A website dedicated to shining daylight on subsidies, farmsubsidy.org, has published a list of the agrimillionaires from 2008, the 710 businesses or individuals who received more than 1 million euros from the European common agriculture policy.
An Italian sugar company received the most – nearly 140, million euro. The smallest subsidy millionaire was an Austrian cheese company which received a relatively modest million euro.
These are large sums of money. However, Phil’s Business Blog reckons that demonising companies and individuals receiving large payments is misdirected.
For a start, it’s little surprise that sugar processors currently top the CAP payments league table, since they are involved in a major restructuring scheme designed to cut EU production and comply with WTO rules.
And at farm level, there has never been any logic to subsidy caps. Since decoupling, direct payments to farmers are supposed to be about the delivery of public goods, and it is often large farmers that are doing the most.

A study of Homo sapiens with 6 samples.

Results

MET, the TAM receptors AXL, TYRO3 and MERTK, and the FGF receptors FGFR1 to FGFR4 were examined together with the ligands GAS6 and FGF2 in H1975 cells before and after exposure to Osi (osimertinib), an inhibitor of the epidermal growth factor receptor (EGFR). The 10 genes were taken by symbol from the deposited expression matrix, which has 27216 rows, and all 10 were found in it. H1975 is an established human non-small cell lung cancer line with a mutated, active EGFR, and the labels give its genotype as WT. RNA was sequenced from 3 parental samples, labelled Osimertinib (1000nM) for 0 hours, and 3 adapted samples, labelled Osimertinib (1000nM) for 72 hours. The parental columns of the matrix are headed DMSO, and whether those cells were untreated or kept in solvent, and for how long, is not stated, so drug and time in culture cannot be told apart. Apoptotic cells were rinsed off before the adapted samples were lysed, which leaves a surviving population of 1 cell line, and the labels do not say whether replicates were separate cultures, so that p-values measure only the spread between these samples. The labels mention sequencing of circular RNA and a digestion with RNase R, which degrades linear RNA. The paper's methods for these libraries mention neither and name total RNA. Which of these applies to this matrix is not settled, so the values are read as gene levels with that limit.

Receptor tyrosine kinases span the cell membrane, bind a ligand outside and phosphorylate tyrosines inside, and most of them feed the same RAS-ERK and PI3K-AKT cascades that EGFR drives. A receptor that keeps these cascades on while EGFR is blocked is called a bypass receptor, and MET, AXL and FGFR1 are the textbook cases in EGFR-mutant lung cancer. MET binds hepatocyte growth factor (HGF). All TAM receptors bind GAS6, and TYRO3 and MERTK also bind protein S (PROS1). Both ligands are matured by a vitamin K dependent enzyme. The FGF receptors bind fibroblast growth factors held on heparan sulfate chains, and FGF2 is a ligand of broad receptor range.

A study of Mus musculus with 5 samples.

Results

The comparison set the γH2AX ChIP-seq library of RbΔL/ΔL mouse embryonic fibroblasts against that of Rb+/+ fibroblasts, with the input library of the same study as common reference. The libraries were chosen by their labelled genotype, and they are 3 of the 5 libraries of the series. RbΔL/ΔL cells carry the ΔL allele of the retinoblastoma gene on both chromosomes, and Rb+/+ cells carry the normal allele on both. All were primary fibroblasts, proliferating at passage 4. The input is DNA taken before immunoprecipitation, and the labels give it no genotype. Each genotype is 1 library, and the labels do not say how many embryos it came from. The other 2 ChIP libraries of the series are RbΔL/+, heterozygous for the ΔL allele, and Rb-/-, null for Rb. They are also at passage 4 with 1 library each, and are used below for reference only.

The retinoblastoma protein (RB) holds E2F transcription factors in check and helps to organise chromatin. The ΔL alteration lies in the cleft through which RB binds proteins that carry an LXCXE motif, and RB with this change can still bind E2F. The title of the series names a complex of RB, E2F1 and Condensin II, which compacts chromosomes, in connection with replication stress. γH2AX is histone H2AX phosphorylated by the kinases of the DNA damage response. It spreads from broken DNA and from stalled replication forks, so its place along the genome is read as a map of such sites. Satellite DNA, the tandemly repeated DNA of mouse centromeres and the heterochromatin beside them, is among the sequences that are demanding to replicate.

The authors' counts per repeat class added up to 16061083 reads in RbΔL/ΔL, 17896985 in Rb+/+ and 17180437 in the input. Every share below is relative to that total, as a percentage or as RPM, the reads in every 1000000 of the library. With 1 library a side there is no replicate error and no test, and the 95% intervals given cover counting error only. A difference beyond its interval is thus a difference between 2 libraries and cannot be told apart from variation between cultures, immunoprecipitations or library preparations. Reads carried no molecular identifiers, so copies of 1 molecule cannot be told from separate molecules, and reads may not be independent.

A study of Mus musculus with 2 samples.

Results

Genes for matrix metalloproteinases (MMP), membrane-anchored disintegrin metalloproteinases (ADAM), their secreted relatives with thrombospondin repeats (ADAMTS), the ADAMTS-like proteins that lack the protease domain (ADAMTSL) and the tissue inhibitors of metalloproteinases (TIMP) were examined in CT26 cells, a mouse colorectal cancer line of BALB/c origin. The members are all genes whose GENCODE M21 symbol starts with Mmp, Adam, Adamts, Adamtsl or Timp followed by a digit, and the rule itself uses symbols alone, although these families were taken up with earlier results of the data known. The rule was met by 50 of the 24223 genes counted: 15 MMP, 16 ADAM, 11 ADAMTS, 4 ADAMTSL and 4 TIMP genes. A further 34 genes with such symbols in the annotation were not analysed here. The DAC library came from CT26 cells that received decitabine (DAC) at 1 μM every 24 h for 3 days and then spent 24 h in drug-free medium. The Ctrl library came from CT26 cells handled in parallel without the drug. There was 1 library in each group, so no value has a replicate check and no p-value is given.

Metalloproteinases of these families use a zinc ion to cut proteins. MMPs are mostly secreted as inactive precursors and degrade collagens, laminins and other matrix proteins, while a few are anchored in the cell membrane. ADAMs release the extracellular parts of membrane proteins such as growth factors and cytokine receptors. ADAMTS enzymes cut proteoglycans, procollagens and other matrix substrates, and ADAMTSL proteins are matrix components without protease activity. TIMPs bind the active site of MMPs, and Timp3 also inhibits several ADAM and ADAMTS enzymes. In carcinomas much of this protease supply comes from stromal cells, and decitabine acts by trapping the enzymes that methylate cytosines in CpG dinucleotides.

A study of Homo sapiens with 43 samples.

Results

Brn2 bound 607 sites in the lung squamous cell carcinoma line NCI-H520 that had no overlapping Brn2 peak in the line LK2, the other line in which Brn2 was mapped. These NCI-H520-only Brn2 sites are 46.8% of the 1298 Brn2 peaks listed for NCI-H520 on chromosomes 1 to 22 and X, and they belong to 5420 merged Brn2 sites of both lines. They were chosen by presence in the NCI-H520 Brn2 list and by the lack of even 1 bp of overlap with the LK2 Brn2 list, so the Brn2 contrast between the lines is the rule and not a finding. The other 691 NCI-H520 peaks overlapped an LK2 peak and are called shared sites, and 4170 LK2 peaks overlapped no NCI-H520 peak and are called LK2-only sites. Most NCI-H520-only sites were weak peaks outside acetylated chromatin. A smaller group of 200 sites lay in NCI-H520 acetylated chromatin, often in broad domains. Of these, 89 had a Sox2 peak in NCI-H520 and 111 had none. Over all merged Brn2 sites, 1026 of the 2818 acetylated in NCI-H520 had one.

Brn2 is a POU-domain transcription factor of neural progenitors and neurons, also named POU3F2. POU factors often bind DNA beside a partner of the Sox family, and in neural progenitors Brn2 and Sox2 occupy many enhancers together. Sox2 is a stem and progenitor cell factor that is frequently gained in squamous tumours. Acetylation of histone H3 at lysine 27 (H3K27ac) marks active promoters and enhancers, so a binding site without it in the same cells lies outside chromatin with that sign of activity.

It is also the case that large farmers tend to employ more people, both directly and indirectly. Furthermore, restricting subsidy according to farm size can only act as a disincentive to efficiency.
That may be right but it still doesn’t justify taking money from taxpayers, giving it to producers and manufacturers who then compete unfairly with other more efficient producers elsewhere and increase costs for consumers, most of whom are taxpayers who funded the subsidies.
It’s just a giant money-go-round supporting a giant bureaucracy and handicapping free trade initiatives.
New Zealand farmers were forced into the real world when subsidies were taken away more than 20 years ago. It wasn’t much fun at the time, but it’s made us much better at what we do and much more attuned to the market than we ever were when farm incomes went up and down by government whim.
Free trade is better for consumers and, while the transition from subsidies to standing on your own feet isn’t easy, it’s also better for producers.